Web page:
Link-O-Rama: Billy Wagner is the next Brian Stokes

from Tommy John elbow surgery to have a prominent role in the Mets’
bullpen this season: “I can’t see it. I think that would be foolhardy
to even insinuate something like that. I think what I would be is a
Brian Stokes-type player. I might pitch once a week.” That must make
Brian Stokes feel good.

* Paul Sullivan of the Chicago Tribune reports that the Cubs are expected to pursue B.J. Ryan once he clears waivers to make his release from the Blue Jays official.

* After rumors started swirling
that the Nationals might be interested in hiring former Braves and
Orioles pitching coach Leo Mazzone, team president Stan Kasten said:
“There is not a scintilla of truth to this story.”

* Eric Milton’s comeback is over after just five starts, as the 33-year-old southpaw underwent back surgery yesterday and is expected to be sidelined for at least three months.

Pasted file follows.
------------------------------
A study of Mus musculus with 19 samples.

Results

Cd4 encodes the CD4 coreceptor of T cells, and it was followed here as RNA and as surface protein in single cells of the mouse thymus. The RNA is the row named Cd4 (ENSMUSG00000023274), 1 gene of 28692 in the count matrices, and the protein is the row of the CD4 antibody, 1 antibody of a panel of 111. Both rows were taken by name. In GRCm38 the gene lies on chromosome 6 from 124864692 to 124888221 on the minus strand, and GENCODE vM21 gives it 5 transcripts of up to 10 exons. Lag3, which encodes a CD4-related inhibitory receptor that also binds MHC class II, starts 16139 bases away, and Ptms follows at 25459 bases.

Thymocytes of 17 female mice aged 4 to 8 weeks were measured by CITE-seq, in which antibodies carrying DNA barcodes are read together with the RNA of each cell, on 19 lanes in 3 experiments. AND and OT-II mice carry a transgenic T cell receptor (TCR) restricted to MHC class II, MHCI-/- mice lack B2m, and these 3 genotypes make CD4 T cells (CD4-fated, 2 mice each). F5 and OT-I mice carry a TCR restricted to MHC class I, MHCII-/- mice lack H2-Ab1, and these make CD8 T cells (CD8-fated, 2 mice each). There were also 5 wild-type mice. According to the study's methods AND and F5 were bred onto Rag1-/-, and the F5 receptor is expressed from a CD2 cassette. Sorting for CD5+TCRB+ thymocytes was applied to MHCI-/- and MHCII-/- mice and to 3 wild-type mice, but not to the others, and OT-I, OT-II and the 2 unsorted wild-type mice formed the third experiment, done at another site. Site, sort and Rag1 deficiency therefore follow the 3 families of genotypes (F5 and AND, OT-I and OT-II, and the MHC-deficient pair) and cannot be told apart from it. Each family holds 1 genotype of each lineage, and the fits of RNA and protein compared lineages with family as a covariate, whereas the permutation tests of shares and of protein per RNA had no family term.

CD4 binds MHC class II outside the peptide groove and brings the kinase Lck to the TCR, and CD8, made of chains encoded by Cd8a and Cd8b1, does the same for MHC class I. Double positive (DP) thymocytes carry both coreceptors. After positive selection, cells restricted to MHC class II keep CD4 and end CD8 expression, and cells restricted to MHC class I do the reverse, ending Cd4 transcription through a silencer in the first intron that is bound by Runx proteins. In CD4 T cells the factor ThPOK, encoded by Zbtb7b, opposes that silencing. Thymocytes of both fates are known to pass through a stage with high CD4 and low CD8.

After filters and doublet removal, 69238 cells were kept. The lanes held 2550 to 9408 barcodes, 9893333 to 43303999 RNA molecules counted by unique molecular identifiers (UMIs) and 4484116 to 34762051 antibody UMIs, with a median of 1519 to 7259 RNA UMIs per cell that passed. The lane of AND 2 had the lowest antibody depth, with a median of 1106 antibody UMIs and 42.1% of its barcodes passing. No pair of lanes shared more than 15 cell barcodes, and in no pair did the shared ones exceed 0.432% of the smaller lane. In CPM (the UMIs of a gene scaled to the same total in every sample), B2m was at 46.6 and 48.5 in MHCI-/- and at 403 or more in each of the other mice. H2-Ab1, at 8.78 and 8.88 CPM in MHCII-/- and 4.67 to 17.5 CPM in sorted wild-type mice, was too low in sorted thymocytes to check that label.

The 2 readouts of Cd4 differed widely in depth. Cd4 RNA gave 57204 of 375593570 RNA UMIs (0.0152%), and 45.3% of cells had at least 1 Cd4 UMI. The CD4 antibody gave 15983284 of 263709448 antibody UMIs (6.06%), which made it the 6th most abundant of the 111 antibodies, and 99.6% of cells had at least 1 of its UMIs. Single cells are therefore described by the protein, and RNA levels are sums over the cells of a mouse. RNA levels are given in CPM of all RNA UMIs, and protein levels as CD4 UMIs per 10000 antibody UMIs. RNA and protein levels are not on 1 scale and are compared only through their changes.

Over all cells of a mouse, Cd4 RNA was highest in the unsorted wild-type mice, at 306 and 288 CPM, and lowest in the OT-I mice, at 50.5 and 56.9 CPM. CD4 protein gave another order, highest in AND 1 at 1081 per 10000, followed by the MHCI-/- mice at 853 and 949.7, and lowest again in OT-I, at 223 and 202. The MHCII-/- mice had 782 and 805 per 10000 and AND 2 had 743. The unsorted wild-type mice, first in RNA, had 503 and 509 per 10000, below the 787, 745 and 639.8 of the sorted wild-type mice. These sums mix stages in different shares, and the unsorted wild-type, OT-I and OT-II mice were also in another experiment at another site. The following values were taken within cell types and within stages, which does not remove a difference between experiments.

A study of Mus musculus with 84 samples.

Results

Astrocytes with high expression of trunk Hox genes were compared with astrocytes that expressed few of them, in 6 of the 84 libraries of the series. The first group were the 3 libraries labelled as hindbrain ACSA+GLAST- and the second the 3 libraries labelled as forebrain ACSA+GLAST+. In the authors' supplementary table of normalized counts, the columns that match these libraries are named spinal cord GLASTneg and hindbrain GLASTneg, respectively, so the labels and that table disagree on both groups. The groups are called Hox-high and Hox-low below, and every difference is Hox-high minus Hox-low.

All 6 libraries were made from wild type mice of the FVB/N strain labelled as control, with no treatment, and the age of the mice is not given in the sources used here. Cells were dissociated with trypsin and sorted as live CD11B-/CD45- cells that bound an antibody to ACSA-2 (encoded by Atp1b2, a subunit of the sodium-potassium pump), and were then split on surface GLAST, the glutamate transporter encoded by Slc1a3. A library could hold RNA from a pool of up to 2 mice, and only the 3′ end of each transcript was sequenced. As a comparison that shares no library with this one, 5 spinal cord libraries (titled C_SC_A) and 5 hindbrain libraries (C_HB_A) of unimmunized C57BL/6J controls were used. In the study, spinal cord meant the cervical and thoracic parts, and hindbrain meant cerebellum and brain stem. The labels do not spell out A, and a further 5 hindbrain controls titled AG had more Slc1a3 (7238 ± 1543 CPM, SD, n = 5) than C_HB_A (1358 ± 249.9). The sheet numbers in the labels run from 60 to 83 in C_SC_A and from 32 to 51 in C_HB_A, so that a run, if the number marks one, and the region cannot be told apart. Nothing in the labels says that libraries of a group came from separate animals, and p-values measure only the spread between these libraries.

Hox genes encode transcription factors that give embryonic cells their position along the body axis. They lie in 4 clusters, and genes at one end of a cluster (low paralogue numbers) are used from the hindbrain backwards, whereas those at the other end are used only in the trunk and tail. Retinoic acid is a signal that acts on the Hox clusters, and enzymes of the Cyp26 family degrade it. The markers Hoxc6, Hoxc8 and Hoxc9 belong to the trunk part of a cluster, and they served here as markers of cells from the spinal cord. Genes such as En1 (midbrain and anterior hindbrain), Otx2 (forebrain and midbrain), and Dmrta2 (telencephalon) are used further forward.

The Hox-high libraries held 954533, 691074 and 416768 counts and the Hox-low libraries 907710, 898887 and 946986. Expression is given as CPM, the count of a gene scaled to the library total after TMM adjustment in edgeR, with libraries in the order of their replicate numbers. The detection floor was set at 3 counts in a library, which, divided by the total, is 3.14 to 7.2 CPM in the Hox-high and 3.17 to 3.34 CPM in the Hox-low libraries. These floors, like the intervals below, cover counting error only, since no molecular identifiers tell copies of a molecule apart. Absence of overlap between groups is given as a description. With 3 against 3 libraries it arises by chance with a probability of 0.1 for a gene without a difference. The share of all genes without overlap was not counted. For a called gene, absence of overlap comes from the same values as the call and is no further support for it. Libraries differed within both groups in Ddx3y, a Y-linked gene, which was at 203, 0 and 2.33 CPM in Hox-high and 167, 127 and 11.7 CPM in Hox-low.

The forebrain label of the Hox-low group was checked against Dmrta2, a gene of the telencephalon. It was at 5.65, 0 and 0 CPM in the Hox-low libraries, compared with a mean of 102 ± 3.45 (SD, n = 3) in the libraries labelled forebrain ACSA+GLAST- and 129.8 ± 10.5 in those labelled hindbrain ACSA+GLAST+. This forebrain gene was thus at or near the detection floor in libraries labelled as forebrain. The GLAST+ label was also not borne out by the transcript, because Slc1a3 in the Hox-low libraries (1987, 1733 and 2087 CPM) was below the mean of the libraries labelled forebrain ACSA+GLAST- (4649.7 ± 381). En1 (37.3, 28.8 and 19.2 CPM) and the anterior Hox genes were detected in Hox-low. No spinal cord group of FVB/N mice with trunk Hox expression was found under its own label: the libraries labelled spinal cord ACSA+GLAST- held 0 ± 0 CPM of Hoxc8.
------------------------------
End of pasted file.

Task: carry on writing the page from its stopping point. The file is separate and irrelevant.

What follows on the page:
* Jon Weisman of Dodger Thoughts transcribed a 1982 interview
between Larry King and Red Barber in which Barber tells the story of
how Vin Scully was hired by the Dodgers. And if that description isn’t
enough for you to click the link, then we probably can’t be friends.

Henderson Alvarez signs with Tigres de Quintana Roo


The 27-year-old’s last major league gig came with the Phillies, for whom he delivered a 4.30 ERA, 6.8 BB/9 and 3.7 SO/9 over 14 2/3 innings in 2017. While he’s not too far removed from his first and only All-Star bid in 2014, he was besieged by shoulder issues in 2015 and 2016 and underwent season-ending surgeries as a result.

That added injury risk, coupled with the fact that he hasn’t pitched more than 22 innings in a single season since 2014, may have been too much for major league teams to take on this spring. Assuming he steers clear of further injuries, however, a return to the majors may not be entirely out of the question in years to come.